Posted by: Lisa Hill | October 19, 2017

2017 MUBA (Most Underrated Book Award) shortlist

Living up to its name this year, the MUBA (Most Underrated Book Award) has nominated four books for its shortlist and *blush* I haven’t heard a word about any of them.  The only publisher I recognise is Spineless Wonders (who publish eBooks only, so, you know, not really on my radar. Wrong! See Carmel’s comment below):

  • The Island Will Sink (Briohny Doyle, Brow Books)
  • The Invisible War (Ailsa Wild, Briony Barr, Gregory Crocetti, Ben Huchings, Jeremy Barr, Scale Free Network)
  •  Loopholes (Susan McCreery, Spineless Wonders)
  • Horse Island (Christina Kennedy, Zabriskie Books).

So it’s a bit of a hunt around to find out more about them…

This is the blurb for The Island Will Sink:

In a not-too-distant future perpetually on the brink of collapse, catastrophe is our most popular entertainment.

The energy crisis has come and gone. EcoLaw is enforced by insidious cartoon panda bears and their armies of viral-marketing children. The world watches as Pitcairn Island sinks into the Pacific, wondering if this, finally, will be the end of everything. Amongst it all, Max Galleon, anxious family man and blockbuster auteur, lives a life that he cannot remember.
What happens when you can outsource your memories – and even edit them?
When death can be reversed through digitisation, what is the point of living?
If the lines between real and unreal are fully blurred, can you really trust anyone, even yourself?

It doesn’t have a lot of reviews at Goodreads, but the ones it has are mostly four and five stars.

The Invisible War is a graphic novel.  This is the blurb:

One Nurse.
Trillions of microbes.
A deadly WWI battle…
France, 1916. While treating a patient with dysentery, Sister Annie Barnaby encounters a strain of lethal bacteria. As the invaders journey deep into her gut, the resident microbes must fight to survive. Annie’s life hangs in the balance.
Enter the phage, deadly predators, ready to wage war to protect their host.
Created by a team of scientists, artists, educators, writers & historians, The Invisible War is a graphic novel like no other.

Loopholes is a collection of microfictions:

These perfectly formed microfictions provide glimpses into the everyday challenges of family life, relationships, ageing and loss. McCreery’s characters are typical humans – flawed, vulnerable, frustrating and frustrated. Told with empathy and wit and honed with a wordsmith’s skill, Loopholes makes us see ourselves and each other differently.
With illustrations by Bettina Kaiser.


Finally, Horse Island is a non-fiction book: Horse Island, the private retreat of Christina and Trevor Kennedy, sits tucked away in an estuary of Tuross Lake on the South Coast of NSW. To the west, softened by distance, are the mountains of the Great Dividing Range. To the east is the sea. But what is most surprising in this place of great natural beauty is the remarkable garden created by Christina, featuring only Australian indigenous plants.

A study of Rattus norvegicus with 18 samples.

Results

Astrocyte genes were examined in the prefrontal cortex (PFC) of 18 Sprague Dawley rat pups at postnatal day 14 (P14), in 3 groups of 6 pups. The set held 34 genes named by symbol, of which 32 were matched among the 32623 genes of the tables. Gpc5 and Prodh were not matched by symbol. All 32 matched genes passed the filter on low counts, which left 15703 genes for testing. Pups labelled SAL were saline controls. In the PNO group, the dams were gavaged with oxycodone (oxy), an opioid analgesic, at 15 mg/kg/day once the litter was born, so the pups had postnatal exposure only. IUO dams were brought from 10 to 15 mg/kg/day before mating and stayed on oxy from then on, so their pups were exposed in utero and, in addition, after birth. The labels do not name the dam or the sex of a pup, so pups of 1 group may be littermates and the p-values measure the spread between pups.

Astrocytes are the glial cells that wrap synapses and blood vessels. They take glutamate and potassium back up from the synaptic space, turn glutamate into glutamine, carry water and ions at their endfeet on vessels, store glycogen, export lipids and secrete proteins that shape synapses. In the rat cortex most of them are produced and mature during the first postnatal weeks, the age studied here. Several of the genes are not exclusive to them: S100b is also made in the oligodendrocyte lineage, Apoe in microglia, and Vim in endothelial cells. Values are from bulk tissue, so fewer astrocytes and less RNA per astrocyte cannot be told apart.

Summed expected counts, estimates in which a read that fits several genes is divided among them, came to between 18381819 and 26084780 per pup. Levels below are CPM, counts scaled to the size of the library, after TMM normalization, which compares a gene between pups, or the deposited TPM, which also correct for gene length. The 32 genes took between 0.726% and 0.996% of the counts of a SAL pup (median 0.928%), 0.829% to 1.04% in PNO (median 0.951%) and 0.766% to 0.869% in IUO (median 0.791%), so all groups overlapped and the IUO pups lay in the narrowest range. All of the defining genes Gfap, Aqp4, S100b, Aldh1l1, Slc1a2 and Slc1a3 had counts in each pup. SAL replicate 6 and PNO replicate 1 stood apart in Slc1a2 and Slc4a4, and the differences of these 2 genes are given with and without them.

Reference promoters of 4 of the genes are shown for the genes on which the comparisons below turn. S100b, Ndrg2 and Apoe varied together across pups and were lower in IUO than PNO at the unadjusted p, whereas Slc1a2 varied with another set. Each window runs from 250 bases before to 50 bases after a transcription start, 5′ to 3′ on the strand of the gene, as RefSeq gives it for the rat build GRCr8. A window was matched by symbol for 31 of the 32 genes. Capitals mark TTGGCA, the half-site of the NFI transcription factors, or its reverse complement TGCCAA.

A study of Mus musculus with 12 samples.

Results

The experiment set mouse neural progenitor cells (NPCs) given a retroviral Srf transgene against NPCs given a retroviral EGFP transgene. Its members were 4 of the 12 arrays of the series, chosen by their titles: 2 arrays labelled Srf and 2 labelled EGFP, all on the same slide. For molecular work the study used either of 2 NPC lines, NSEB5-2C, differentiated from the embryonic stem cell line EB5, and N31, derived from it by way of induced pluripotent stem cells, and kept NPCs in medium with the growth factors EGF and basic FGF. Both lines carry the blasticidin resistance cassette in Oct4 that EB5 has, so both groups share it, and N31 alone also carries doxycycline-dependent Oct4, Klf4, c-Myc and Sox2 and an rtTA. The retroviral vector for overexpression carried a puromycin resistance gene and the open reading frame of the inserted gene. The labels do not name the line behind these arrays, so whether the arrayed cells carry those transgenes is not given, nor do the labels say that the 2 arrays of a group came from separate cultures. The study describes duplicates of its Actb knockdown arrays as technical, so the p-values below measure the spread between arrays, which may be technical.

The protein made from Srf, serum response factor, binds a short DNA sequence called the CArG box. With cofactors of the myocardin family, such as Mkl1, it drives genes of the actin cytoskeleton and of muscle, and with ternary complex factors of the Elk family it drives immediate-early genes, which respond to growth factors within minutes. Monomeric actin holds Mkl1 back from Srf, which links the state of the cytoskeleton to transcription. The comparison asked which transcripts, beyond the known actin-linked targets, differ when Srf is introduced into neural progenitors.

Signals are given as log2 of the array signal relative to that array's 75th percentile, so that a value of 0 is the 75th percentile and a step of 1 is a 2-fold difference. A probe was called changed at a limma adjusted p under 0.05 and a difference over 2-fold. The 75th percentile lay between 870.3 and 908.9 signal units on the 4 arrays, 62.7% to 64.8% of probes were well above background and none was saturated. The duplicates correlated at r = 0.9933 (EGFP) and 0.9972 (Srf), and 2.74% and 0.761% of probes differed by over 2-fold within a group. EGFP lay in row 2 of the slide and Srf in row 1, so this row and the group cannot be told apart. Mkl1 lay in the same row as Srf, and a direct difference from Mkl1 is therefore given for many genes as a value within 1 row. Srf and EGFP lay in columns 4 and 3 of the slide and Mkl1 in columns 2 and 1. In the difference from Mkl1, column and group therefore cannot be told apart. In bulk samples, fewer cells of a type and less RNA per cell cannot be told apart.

This great garden reveals itself gradually – as did Christina’s own passion in its creation. Gardens and gardening had always been around Christina, but were not in the foreground until she was faced with the mess and devastation of the landscape when she began her first building project on the island. A timely suggestion from a friend directed her towards native plants. Christina’s own desire to complement and enhance the existing natural beauty then took shape, forming the basis of her thinking and of all her designs.
To visit the Island is to engage with Christina’s passion, her knowledge and enthusiasm for Australian plants, and to hear her stories about all she has discovered including her mistakes and learning curves, during the long process of creating the garden.
Horse Island, the book, reflects Christina’s own desire to share the true magic of an extraordinary place. We walk beside her as she guides us around the island encouraging us to think differently about native plants and how they are used in a domestic situation.
It is the author’s own gardening story, her total zeal for and commitment to indigenous plants combined with gorgeous photography that creates this truly beautiful book.



  1. One small point. Loopholes isn’t primarily an ebook. Spineless Wonders principally publishes paperbacks. I have the paperback of Loopholes.
    It might also be an ebook, but then so are most books aren’t they?


    • Thanks, Carmel, I wonder how I got that impression. Anyway, I’ll fix it now.


  2. I love the idea of this. There was a prize in the UK for a while called the Jerwood Uncovered prize which was designed to highlight books that should have had more attention. I picked up some gems that way – sadly it is no more


    • I think I love all prizes that bring us undiscovered talent (undiscovered by us, I mean).


  3. Isn’t there an indie press prize? I guess these books/publishers are too independent even for the indies.


    • Well, there’s the Indies, but I think that means independent booksellers not publishers. I’d be surprised if indie publishers had the cash to support a prize of their own, but I’d be delighted if someone told me I was wrong.